The U.S. Chamber of Commerce hasn’t exactly minced its words in opposing the cap-and-trade legislation winding its way from the House to the Senate. The measure, it says, will kill jobs and lead to a slowing of business and thus, the economy. The national business group has used the same reasoning to lobby heavily against the Environmental Protection Agency’s additional efforts to limit emissions.
Yet it’s becoming increasingly clear that not all of the organization’s members agree with that stance. It has about 3 million dues-paying businesses, but a growing number of large companies have jumped ship, canceling their subscriptions to the chamber’s business associations and lobby services. The slide started with utility giant PG&E lamenting the chamber’s "obstructionist tactics" on cap-and-trade. Two more large utility companies, PNM and Exelon, followed suit, along with Nike, which resigned its spot on the chamber’s board. Then, just as Silicon Valley was buzzing about which tech company would be the first to break ranks on the issue of climate, Apple announced early today that it, too, would be parting ways with the chamber. Effective immediately.
Apple pays, or paid, dues to the chamber each year (a company spokesperson declined to say how much). But whatever the amount, the most serious damage to the chamber is not on its balance sheet, but to its reputation. To argue that limiting carbon would be bad for business becomes much tougher when those you claim to represent publicly disagree, and distribute press releases about it.
It’s unclear what the chamber thinks about exodus of powerful members. A chamber spokesperson did not respond to NEWSWEEK’s requests for comment, as well as other publications’, although in a statement the group released last week, president Tom Donohue clarified that yes, he'd like to reduce emissions, just not if it harms the American economy and not the rest of the world's. But if left unaddressed, the list of members leaving could get bigger. Johnson & Johnson says that it plans to stay put for the time being, but considering a not-so-subtle letter J&J sent to Donohue earlier this year urging that he begin to speak for all, not just some, of its members, any future tension could crack an already fragile relationship. Other power hitters, including General Electric and the San Jose Chamber of Commerce have also publicly stated that the U.S. Chamber doesn’t represent their views on climate change.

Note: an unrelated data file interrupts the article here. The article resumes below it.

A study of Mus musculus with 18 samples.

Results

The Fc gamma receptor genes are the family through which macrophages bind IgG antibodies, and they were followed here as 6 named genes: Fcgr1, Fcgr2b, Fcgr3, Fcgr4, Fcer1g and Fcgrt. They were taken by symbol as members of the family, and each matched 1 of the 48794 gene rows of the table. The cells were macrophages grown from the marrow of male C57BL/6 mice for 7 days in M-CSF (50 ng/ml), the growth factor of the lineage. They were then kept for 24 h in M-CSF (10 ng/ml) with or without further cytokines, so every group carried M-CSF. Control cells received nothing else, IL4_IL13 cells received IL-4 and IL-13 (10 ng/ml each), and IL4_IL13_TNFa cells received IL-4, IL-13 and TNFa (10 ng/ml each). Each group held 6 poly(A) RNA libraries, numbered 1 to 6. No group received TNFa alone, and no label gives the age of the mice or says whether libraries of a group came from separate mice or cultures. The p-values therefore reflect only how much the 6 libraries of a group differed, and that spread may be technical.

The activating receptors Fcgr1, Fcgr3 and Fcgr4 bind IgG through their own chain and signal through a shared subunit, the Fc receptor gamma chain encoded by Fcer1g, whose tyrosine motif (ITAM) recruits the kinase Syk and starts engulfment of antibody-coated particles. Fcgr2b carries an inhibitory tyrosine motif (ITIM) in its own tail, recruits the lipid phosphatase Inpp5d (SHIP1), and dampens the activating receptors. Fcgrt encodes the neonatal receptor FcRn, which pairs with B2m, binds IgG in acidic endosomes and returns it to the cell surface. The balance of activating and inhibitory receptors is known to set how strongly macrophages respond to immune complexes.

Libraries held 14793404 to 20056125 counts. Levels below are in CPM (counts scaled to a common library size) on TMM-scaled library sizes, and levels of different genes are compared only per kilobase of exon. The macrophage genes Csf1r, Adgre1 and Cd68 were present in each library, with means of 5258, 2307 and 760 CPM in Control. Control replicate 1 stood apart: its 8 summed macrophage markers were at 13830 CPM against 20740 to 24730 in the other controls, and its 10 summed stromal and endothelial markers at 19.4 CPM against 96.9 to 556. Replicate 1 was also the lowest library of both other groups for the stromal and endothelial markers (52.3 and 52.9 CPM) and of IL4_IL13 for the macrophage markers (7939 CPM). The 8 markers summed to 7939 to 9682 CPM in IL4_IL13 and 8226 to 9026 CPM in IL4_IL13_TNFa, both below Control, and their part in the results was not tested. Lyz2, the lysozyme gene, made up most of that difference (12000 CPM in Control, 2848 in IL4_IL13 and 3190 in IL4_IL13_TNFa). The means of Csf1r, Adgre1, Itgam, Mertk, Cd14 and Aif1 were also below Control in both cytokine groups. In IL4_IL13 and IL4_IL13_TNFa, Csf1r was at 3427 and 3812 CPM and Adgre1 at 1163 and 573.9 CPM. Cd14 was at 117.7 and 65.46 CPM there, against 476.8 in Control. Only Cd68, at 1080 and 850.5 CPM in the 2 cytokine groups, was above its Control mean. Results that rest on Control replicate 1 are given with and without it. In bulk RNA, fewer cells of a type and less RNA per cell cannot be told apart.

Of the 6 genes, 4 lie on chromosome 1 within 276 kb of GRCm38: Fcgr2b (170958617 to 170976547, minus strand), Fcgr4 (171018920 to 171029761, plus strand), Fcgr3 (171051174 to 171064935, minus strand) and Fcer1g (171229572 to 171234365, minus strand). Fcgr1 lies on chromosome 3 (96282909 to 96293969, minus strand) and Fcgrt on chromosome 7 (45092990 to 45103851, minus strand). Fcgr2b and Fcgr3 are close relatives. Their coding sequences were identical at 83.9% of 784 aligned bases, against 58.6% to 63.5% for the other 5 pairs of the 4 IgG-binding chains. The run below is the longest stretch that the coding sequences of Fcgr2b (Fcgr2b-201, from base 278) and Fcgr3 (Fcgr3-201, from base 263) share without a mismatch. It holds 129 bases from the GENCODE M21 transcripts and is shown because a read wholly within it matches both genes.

In the world of PR, how big is a problem like this? “It’s devastating,” says crisis PR expert Marina Ein. “I suspect that all of the [chamber] membership is asking itself at this point, Who’s leading us, and why aren’t more efforts being made to find consensus." Crisis communications usually involves people being surprised, for one reason or another. This was an issue, says Ein, they probably should have seen coming.
UPDATE: 5:25 p.m.: The chamber got back to us, calling Apple's decision "just hard politics." Chamber President Tom Donohue also wrote to Apple's leadership expressing regret that Apple "didn't take the time to understand the chamber's position on climate and forfeited the opportunity to advance a 21st-century approach to climate change."